UAE jiu-jitsu women's team members driven by ambition inside and outside sports arena

Hessa Al Shamsi and her teammates nurture dreams to become diplomats, medical doctors, aeronautical engineers and fighter pilots

November 24, 2017.  Al Shaheed (Martyr) Jiu-Jitsu U18 tournament for girls at Arena at Zayed Sports City.   UAE National Jiu-Jitsu Team
(L-R) Hessa Alshamsi-57kg-17 years
Mahra Alhanaei-52kg-16 years
Maitha Shrem-52kg-17 years 
shayer AlmatroosBhi-63kg-16 years
Victor Besa for The National
Reporter: Amith Passela

A majority of them are still in their teens and excel in academics. It just also happens that they love jiu-jitsu, and are very good at it too.

Members of the national team were among more than 1,000 competitors in action at Al Shaheed (Martyrs) Jiu-Jitsu Championship on Friday, with 108 medals up for grabs at the Mubadala Arena at Zayed Sports City in Abu Dhabi.

Hessa Al Shamsi, 17, who came out on top in the blue belt special Division 2, is a Grade 11 student at Janeli School in Al Ain who hopes to one day serve her country as its ambassador.

Her teammates are just as ambitious.

Mahra Al Hanaei, 16, is focused on a career in medicine. Maitha Shirem, who clinched gold in the 52-kilogram category, is a year older and pursuing aeronautical engineering.

And when Bashayer Al Matrooshi, also 17, is not busy pinning her opponents to the mat, she is aiming for the skies to become a fighter pilot.

“Me and my national team and Al Ain Club colleagues are all pretty good in our academics, and [we] have got similar goals to pursue on professional careers," Hessa says, referring to fellow champions Bashayer and Mahra.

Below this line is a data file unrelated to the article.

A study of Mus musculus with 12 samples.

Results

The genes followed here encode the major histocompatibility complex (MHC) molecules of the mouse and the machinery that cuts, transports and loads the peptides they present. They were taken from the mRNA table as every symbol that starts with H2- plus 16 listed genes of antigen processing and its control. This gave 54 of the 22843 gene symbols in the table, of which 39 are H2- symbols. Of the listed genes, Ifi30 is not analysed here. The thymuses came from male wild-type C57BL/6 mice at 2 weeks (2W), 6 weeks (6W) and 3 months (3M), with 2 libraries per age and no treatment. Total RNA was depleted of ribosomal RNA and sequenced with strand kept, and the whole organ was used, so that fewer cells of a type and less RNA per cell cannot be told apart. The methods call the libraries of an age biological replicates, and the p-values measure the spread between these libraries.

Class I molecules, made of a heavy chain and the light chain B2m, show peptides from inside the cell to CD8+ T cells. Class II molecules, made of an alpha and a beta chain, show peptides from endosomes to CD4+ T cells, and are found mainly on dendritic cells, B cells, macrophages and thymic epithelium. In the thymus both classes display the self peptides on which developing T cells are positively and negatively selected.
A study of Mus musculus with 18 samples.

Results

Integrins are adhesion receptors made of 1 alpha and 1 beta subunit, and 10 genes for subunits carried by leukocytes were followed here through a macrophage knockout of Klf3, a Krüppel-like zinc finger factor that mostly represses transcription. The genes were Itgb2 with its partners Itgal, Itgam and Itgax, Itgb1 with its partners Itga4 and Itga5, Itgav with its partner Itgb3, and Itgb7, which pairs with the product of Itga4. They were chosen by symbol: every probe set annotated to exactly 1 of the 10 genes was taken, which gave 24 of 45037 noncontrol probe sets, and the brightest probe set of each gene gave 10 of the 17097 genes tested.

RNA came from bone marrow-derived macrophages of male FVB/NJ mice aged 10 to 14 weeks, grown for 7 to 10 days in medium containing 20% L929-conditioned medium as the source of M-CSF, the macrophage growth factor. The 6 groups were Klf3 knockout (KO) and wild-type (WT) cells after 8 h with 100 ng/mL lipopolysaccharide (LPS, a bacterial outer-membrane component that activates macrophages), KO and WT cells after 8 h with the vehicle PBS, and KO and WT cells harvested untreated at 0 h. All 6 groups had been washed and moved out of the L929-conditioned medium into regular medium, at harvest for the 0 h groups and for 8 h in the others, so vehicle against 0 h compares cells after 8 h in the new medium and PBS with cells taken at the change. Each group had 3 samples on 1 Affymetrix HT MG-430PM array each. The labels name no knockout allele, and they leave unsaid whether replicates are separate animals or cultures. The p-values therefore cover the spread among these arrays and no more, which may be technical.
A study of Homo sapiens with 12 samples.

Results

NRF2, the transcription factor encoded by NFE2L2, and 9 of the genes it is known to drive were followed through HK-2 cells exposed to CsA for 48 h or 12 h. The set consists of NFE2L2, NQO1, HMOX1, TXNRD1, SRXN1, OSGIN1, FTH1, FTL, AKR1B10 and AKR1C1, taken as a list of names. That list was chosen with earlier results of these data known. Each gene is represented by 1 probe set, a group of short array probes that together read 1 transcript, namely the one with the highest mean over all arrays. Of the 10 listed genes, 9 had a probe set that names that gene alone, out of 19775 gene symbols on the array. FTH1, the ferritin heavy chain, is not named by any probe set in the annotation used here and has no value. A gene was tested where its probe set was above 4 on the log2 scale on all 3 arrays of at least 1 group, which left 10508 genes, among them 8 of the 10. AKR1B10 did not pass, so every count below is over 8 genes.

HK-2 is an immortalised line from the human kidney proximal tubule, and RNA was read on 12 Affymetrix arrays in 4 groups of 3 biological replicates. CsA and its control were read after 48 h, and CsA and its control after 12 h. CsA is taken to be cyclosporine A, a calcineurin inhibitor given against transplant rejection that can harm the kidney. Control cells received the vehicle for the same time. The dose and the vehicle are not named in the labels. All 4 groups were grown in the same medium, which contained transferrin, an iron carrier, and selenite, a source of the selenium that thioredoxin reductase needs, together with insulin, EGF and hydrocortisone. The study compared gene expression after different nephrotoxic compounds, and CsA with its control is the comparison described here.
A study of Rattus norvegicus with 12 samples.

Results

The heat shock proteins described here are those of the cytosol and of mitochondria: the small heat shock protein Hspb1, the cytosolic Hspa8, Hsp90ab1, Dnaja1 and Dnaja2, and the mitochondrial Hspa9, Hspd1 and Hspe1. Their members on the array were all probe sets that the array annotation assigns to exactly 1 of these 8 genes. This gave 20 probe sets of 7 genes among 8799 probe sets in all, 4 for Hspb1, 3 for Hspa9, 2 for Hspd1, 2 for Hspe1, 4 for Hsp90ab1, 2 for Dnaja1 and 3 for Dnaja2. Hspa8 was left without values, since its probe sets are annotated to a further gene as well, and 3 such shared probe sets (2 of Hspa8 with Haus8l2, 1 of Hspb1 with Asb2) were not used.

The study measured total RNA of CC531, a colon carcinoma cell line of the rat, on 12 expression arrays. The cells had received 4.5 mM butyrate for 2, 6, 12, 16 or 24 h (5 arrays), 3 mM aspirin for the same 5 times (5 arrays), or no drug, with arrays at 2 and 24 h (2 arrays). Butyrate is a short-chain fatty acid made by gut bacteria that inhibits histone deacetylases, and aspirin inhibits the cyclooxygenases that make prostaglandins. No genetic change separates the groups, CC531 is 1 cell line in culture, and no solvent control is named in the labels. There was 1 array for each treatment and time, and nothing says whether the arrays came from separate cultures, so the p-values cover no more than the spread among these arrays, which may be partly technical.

“Academics are very important, but we have no intentions of quitting jiu-jitsu that has given us so much joy," the bronze-medal winner at the recent Abu Dhabi Grand Slam Rio de Janeiro adds. "All of us want to become black belts and bring as many international medals as possible for our country."

Even as Hessa has big ambitions for herself outside the sporting arena, she does not forget to live in the moment.

“This will be the last competition in the juvenile division for me and some of my national team colleagues," she says. "I’m glad to finish it with a gold medal-winning effort."



The next big competition for them is the Grand Slam Abu Dhabi in January followed by the Grand Slam London in March and the Abu Dhabi World Professional Championship in April.

“Of course our federation will make arrangements for our preparation for the Asian Games, but as individuals we’ll take every tournament as part of our preparation,” says Mahra, who claimed her second gold in a Grand Slam event when she won the juvenile blue belt in Rio de Janeiro.